Have you ever heard people say the following phrases:
“I’m not sure if this job suits me!”
“Why does Sarah always leave things to the last minute and then do it?”
“I just need to get this job done fast, why is she asking so many questions?”
“Why can’t my boss make decisions quickly and instead of sitting on things?”
If you look closely at each statement, you can actually see that our personality has a part in every one of them. This affects why we act the way we do.
Therefore the better question is, “How we can effectively communicate and work with the different personalities?”
If we truly understand each personality, it is possible to say the right words that can connect to people quickly and emotionally. This is extremely critical since everything we do at work or home, is all about handling relationships. This works the same for people in customer service, sales staff, managers communicating with staff, or you with your peers.
How to find out my personality type?
There are many different types of personality profiling tests in the market today, but one of the most famous assessments is the DISC Personality Profiling. Although everyone is different, everyone is predictably different. Using DISC greatly aids you in identifying why people work in a certain way and then relate to them in a way they want to be related.
DISC is a quick assessment tool that assesses human behaviour into four types and is the acronym for Dominant, Influencing, Steady and Compliant. It is wise to say that we are not just one personality type, but a combination of all. The question is the degree of which is more.
What are the DISC Personality types?
Here’s a quick overview of how each DISC Personality would come across (though not necessarily exhaustive since we’re complex beings):
High “D” personalities are competitive, demanding, decisive, pioneering, love challenges and solve problems. They prefer not be bogged down with supervision and details and love freedom from controls.
A High “I” person is generally motivated by flattery, praise and attention they get from people. They strive in a friendly environment and love to handle the relational aspects of things. They are the people-person, enthusiastic and sociable. They are the ones who say that there is no such thing as strangers, only people you have not met.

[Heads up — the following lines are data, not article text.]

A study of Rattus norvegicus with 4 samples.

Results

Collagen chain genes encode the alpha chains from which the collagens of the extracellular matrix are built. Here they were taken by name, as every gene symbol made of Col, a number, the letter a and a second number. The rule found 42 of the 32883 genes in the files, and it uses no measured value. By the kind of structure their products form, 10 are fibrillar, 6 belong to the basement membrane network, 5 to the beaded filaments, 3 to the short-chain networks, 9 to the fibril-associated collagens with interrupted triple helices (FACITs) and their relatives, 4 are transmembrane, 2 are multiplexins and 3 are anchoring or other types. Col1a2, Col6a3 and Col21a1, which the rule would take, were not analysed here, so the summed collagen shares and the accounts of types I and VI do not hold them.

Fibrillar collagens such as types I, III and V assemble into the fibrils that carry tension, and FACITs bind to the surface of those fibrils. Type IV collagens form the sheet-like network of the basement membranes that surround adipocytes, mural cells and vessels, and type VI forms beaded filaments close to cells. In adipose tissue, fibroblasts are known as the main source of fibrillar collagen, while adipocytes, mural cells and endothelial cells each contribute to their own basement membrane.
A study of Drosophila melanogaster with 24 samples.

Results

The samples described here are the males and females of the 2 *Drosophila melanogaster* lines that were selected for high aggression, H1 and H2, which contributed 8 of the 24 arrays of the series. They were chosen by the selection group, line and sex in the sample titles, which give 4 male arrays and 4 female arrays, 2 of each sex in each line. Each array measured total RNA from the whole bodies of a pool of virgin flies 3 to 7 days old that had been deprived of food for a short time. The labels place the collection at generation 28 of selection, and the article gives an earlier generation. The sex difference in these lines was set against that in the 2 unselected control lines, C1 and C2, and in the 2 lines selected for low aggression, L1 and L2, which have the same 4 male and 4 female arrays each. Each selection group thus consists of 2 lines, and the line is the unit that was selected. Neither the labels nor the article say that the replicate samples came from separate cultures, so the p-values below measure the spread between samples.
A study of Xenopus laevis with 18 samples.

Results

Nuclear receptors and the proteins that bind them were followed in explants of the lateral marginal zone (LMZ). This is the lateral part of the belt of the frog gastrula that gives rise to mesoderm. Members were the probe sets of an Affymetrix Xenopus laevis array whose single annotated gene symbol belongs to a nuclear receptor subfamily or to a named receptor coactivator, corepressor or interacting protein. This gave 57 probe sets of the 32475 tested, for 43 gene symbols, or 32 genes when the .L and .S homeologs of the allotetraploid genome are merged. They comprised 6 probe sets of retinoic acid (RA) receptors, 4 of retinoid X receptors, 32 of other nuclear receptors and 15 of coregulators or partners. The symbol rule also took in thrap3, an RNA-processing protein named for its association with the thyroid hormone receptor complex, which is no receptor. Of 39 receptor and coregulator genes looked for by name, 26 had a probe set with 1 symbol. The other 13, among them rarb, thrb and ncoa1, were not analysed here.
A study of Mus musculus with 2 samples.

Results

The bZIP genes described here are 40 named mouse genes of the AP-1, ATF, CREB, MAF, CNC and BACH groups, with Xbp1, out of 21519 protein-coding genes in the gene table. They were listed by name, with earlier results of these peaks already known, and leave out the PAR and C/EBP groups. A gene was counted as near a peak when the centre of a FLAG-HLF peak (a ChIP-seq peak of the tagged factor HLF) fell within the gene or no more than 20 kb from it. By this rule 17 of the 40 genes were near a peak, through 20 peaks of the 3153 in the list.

High “C” behaviours have exceptional standards of quality. When you have finished a 10,000 word essay, they will point out the 3 words that you have misspelt and offer to correct your sentences. They are meticulous people and love logical flow of information. They also provide perspective in all your brainstorming and anchors you back to reality when you get too idealistic.
High “S” personalities are usually dependable, passive and patient. They are also loyal and relaxed. When it comes to people volunteering for a job, they will never be the first to raise their hands and prefers to wait for others to take action first.
Why is DISC Personality Profiling useful?
In a team setting, you will definitely need a mix of personalities to cover the full range of tasks taken. It is important to know your personality and how you can contribute effectively to the team.
Know yourself and know others. Work on your strengths and allow others to compensate for your weaknesses. It helps to know who is better at inspiring and pulling others to work together in a group or one-to-one setting. Who in the team is/are stronger in analysing numbers and gathering research? Who is great at casting vision and setting goals?
This creates synergy in the team and frees each person to excel in their capabilities.
When is DISC Personality Profiling not useful?
It is easy to forget that this is a personality profiling tool and box people up as incompetent to grow in a certain area.
We aim to highlight that this is not a skills competency tool. People can grow in their competencies and can behave differently in a work setting.